BEIRUT — In a surprise announcement, Lebanese Prime Minister Saad Hariri told reporters Wednesday that he would delay his resignation after a request from the Lebanese president to reconsider.
"I offered my resignation to President Aoun and he asked me to delay presenting it, to allow for more consultations and deliberations, and I agreed to his request," Hariri said from the Baabda presidential palace outside Beirut.
The announcement was the latest twist following weeks of political uncertainty in Lebanon, and came after Hariri's shock resignation during a trip to Saudi Arabia earlier this month. Some Lebanese officials accused Saudi Arabia of forcing Hariri's hand and detaining him in the kingdom for days.
Hariri said he was putting Lebanon's interest first and would continue to "protect it by all means from wars and fires surrounding us."
Earlier, Hariri took part in a military parade to mark Lebanon's independence from France 74 years ago. It was his first official appearance in the country since announcing his resignation.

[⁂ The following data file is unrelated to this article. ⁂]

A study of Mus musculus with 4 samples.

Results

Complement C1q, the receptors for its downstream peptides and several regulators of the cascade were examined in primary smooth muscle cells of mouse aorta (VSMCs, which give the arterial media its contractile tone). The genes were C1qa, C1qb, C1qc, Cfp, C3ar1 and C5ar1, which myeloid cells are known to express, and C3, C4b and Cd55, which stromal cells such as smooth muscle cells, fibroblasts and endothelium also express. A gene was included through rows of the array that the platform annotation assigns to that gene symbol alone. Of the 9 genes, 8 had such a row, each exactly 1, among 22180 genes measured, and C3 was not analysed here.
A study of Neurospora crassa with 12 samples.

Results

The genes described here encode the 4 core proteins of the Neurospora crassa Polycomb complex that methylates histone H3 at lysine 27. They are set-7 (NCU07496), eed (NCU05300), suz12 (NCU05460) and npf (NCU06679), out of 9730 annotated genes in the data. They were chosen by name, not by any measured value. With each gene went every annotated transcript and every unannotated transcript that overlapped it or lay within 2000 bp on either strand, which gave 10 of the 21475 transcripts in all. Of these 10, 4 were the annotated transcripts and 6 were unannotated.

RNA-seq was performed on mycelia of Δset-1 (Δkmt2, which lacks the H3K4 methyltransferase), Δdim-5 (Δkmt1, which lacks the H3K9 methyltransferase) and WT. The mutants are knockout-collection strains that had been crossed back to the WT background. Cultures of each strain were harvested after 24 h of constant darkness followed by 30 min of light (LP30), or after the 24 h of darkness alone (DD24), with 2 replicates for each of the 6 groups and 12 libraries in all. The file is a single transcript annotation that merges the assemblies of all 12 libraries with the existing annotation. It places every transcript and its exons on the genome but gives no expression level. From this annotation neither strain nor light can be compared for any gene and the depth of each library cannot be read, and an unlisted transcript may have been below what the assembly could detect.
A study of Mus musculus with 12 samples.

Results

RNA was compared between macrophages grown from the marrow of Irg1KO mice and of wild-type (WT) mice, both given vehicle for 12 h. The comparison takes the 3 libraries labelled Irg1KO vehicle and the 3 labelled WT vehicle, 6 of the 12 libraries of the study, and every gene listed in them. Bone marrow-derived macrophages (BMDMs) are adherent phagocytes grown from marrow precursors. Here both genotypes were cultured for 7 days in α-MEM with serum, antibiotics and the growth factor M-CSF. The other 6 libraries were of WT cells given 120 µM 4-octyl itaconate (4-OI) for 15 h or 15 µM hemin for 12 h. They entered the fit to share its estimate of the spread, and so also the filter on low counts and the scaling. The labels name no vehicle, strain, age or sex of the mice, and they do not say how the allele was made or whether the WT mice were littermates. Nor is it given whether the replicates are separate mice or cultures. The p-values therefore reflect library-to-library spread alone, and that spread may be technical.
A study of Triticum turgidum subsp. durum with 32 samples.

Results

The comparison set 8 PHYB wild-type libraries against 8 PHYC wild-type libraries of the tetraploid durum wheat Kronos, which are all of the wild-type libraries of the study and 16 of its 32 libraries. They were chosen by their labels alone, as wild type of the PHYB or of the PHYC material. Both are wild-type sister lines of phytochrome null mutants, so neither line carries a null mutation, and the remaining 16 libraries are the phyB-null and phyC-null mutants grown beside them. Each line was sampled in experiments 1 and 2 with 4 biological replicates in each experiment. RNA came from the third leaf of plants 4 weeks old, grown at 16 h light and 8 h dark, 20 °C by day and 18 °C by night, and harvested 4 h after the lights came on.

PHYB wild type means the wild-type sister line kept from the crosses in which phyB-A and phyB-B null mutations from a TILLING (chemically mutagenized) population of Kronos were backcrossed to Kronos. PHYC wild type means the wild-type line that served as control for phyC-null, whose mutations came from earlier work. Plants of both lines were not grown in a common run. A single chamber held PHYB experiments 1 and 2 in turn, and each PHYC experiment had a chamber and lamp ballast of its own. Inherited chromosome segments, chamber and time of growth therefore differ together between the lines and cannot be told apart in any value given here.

He later addressed thousands of supporters who gathered outside his Beirut home.
"I am staying with you and will finish with you," he said speaking to the crowds from his balcony. "You came to tell me welcome back and I came to tell you welcome to Lebanon."
Hariri returned to Beirut late Tuesday after nearly a three-week absence. His resignation had opened a political vacuum in Lebanon, amid heightened regional tensions in an ongoing power play between rivals Saudi Arabia and Iran.
In a televised address from Riyadh on November 4, Hariri issued a vicious tirade against Iran and the Lebanese Hezbollah group for what he said was their meddling in Arab affairs and vowed "Iran's arms in the region will be cut off."
He also said he feared there was a plot to target his life, adding that the atmosphere in the country is similar to the one that existed before his father, the late Prime Minister Rafik Hariri, was assassinated in 2005.
His resignation sparked speculation that he was forced to do it by Saudi Arabia as Hariri's partners in government are the Iran-allied Hezbollah.
Hariri left Riyadh on Saturday for Paris. He then traveled to Cairo before returning to Beirut.
Charlene Gubash reported from Beirut. Saphora Smith reported from London.